Revolver-type weapons are part of the long development of making better multishot weapons. They were partly an attempt to improve on pepper-box type weapons, which used a revolving cylinder with one set of firing mechanisms, but had multiple barrels as well. Firing through a single barrel saved the expense and weight of having the multiple barrels of the Pepper-box. Revolvers have remained popular to the present day in many areas, although they have largely been supplanted by semi-automatic magazine-fed pistols such as the Colt 1911, especially in circumstances where reload time and higher bullet capacity is important.
A revolver works by having several firing chambers arranged in a circle in a cylindrical block that are brought into alignment with the firing mechanism and barrel one at a time. A single action revolver requires the hammer to be pulled back by hand before each shot. In a double action revolver, the trigger pull can pull back the hammer as well as release it.
Most commonly, such guns have a five- or six-shot capacity; however, some revolvers have up to a 10-shot capacity (this often depends on the caliber, though different companies produce revolvers in the same calibers with different capacities, due to other design differences), and each chamber has to be reloaded manually. This makes the procedure of reloading such a weapon slow (even with the help of such devices as speed-loaders). The alternatives are a replaceable cylinder, a "speed-loader" which can reload all chambers at once, or a moon clip that holds half or a full load of ammunition and that is inserted along with the ammunition.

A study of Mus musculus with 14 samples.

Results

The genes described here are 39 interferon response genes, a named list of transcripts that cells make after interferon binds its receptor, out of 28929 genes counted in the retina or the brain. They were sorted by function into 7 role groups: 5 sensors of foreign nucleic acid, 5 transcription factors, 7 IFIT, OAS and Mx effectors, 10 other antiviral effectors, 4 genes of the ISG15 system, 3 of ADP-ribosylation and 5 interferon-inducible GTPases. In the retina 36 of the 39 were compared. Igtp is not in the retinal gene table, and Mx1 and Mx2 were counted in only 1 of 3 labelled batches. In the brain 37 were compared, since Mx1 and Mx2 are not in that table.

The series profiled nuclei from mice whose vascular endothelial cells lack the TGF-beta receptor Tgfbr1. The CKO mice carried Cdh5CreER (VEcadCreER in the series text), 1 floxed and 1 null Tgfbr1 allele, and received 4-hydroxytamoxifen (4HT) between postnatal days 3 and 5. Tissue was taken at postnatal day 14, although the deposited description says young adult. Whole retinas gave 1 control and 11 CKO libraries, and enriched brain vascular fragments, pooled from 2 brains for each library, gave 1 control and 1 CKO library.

Due to the simplicity of design, a revolver is easier to make and has higher reliability than other multi-shot firearms in extreme environments. For these reasons, such guns are the most commonly-owned weapons for personal self-defense and hunting, where their capability to fire powerful ammunition with great accuracy has maintained their popularity.
Famous calibers include the .22 rimfire, .38 Special, .357 Magnum, .44 Special, .44 Magnum, .45 Long Colt. There are many more calibers that were once popular; they were introduced in the era of the "Old West". Many of these are still being loaded and used by devotees. These calibers include the .32-20, .38-40, and the .44-40.
Generally lower ammunition capacity and longer reload times have seen revolvers fall out of favor with most police and military users. Famous military revolvers include the Webley, the Colt Single Action Army and the Smith & Wesson 1917. Many police forces still use revolvers for their hostage rescue units.
Elisha Collier developed a flintlock revolver in 1818, and significant numbers were being produced in London by 1822. Samuel Colt received a patent for his revolver on February 24, 1836 and made the first production model on March 5 of the same year.